Thursday, August 13, 2015

By The Celtic Cross

I am finishing my series on Colonel By Day with this ceremony. A Celtic cross was erected on the east side of the Rideau Canal several years ago. It commemorates the more than a thousand people- workers or family members- who died during the building of the Canal. Either by illness or work mishap, many of them died far from home, and were buried in unmarked graves, a large portion of them Irish. Each year on this holiday, a small ceremony takes place here. Along with a number of people, I crossed over from the exhibits on the west side of the Canal to watch. 


The fellow I showed you the other day checking his messages was serving as the Town Crier for this ceremony. Members of the 100th Regiment Of Foot formed an honour guard as part of the service (check out yesterday's post for a link I added to a previous photograph I took of them). There were several speakers: the mayor, who's the tall fellow in glasses and light blue shirt, the deputy chief at the Irish embassy, the president of the Ottawa Irish Society, the head of the Bytown Museum, and a leader in the labour movement. The ceremony also included a moment of silence and the singing of the Canadian and Irish national anthems by a local singer.


The cross stands out as a monument here. It includes inscriptions in English, French, Gaelic, and Algonquin. Of those who lived to see the Canal finished, many of them settled here instead of returning back across the sea. Their roots run deep in the Ottawa Valley.

44 comments:

  1. To die so far from home, this is sad.











    Jane x

    ( I like the detail photo)







    @Halcyon: particularly the moment of silence and the anthems. The singer had a beautiful voice.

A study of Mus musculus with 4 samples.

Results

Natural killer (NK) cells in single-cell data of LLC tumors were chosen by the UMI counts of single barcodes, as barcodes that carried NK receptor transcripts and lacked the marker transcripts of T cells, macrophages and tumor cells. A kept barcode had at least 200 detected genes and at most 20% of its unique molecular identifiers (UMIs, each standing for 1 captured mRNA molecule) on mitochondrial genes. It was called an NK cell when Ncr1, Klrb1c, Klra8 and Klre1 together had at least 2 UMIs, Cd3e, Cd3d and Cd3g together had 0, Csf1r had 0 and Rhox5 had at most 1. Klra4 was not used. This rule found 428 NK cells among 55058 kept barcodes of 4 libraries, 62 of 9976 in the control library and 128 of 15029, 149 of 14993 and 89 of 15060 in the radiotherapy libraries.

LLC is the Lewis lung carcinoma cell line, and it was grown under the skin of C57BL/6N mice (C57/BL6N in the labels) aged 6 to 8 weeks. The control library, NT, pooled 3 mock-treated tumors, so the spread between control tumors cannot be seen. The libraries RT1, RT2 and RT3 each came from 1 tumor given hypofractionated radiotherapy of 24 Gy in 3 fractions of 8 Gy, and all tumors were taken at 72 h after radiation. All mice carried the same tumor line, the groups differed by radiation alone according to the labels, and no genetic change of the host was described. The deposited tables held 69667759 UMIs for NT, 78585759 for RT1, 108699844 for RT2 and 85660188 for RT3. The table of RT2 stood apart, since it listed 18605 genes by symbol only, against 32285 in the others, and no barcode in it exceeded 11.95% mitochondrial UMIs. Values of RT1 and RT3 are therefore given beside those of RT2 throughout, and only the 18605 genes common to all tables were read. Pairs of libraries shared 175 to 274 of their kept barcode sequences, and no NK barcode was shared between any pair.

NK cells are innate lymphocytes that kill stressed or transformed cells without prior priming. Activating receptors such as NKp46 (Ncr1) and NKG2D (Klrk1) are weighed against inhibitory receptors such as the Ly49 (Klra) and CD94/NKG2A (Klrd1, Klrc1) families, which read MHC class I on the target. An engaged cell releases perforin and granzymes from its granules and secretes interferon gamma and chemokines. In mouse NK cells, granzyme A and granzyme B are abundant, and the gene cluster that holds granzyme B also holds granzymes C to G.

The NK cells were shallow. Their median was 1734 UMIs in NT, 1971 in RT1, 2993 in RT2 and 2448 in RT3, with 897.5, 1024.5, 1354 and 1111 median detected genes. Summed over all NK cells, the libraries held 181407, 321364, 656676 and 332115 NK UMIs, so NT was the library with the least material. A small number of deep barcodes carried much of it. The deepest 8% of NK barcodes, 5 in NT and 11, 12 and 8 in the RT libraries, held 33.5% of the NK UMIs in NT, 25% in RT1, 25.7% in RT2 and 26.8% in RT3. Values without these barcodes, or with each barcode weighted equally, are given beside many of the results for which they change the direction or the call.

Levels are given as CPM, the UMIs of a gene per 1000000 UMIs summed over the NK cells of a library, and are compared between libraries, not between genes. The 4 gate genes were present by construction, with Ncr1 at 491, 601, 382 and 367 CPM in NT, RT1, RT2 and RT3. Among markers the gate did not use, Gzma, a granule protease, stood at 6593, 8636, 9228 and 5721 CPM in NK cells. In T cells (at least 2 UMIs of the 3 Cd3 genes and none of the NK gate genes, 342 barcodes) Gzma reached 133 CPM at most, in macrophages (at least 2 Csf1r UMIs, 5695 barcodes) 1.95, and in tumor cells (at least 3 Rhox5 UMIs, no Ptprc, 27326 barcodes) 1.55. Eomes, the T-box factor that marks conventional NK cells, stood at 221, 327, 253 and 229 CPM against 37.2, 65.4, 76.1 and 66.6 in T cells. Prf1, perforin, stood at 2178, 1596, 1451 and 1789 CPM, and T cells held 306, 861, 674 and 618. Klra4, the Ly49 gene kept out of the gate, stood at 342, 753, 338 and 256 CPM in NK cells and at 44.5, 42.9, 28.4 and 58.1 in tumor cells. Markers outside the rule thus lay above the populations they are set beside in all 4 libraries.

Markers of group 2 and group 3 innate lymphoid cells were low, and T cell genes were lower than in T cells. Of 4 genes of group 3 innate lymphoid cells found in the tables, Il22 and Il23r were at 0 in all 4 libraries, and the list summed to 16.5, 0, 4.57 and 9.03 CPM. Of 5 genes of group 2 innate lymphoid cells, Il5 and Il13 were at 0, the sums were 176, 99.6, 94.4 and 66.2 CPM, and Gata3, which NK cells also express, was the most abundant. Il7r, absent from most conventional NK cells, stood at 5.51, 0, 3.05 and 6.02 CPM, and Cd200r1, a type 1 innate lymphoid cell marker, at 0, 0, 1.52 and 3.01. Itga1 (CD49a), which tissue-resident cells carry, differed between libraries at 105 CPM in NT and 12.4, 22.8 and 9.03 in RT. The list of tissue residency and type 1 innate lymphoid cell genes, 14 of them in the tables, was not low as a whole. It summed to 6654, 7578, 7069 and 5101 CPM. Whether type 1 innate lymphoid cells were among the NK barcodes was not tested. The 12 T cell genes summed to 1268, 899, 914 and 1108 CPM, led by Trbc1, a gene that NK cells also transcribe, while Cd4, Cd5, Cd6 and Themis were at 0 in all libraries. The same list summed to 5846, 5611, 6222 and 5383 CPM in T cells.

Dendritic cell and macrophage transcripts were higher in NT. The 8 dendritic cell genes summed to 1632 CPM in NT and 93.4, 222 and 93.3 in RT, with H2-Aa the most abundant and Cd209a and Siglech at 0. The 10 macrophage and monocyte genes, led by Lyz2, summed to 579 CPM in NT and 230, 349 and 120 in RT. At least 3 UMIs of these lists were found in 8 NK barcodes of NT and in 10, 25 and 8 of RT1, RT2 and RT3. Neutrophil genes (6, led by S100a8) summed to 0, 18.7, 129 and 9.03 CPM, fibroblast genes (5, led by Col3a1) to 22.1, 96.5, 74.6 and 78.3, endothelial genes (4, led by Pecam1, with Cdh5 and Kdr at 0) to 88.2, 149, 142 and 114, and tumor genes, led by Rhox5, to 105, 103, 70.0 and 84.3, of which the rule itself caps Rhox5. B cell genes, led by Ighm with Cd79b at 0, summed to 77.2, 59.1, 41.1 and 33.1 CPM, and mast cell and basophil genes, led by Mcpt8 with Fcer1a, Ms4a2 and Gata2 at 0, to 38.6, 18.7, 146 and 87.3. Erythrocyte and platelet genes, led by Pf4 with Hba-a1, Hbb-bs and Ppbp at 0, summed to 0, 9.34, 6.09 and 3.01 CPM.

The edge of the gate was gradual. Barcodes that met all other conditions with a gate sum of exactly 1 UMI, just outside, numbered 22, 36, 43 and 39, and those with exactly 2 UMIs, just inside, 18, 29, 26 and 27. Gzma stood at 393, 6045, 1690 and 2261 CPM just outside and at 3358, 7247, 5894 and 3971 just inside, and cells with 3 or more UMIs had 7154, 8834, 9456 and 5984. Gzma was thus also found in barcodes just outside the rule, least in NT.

@Cloudia: they quite literally hacked it out of the wilderness, with their family along the way.

    @Mike: indeed.

    @EG: the influx of Irish settlers here have had a big impact on the entire Ottawa Valley ever since.

    @Marianne: every account I've ever read of Canal building, even in the modern day, shows it to be an incredibly difficult job.

    @Revrunner: oh yes!

    @Nancy: it was the same here. I was speaking with someone after, and we agreed it was quite likely there might well have been bodies beneath our feet in unmarked graves.

    @Tamago: I think it's the right touch having a ceremony like this on this occasion.

    @Gnome: this area is nestled between Parliament Hill and the Chateau Laurier. The staircases down on the west side offer easy access. The full name for the cross is the Rideau Canal Celtic Cross.


    @Jane and Chris: it certainly is.

    @Karl: I was pleased the detail shots worked out nicely.

    @Pamela: it certainly is.

    @Grace: it was a wonderful idea to erect this in their memory.

    @Birdman: you're quite welcome.

    @Red: he made a huge impact in this area, so his name does live on.

    @Beth: it is a very distinctive style as crosses go.

    @Sharon: thanks, I think so too!




    Tomás.







    Janis
    GDP


    I scrolled through all the posts that I have missed. Very nice indeed. You show such great images and tell wonderful stories full of information. Thanks.
    MB



    @Eve: thank you!

    @Tomas: it is good to remember them.

    @Tex: thank you! Whoever came up with the cross did wonderful work.

    @Cheryl: it certainly is.

    @Linda: indeed.


    @RedPat: it's a great addition to the city.

    @Marleen: I certainly think so.

    @Ciel: Celtic crosses have a lot of character.

    @Janis: thanks!

    @Denise: the period clothing really stands out.

    @MB: thank you!

    @Geoff: the artist did well with that.



    Immigrants were the backbone of building the U.S., too, in particular the transcontinental railroad.
    Celtic crosses are beautiful. Graveyards in Ireland can be quite lovely.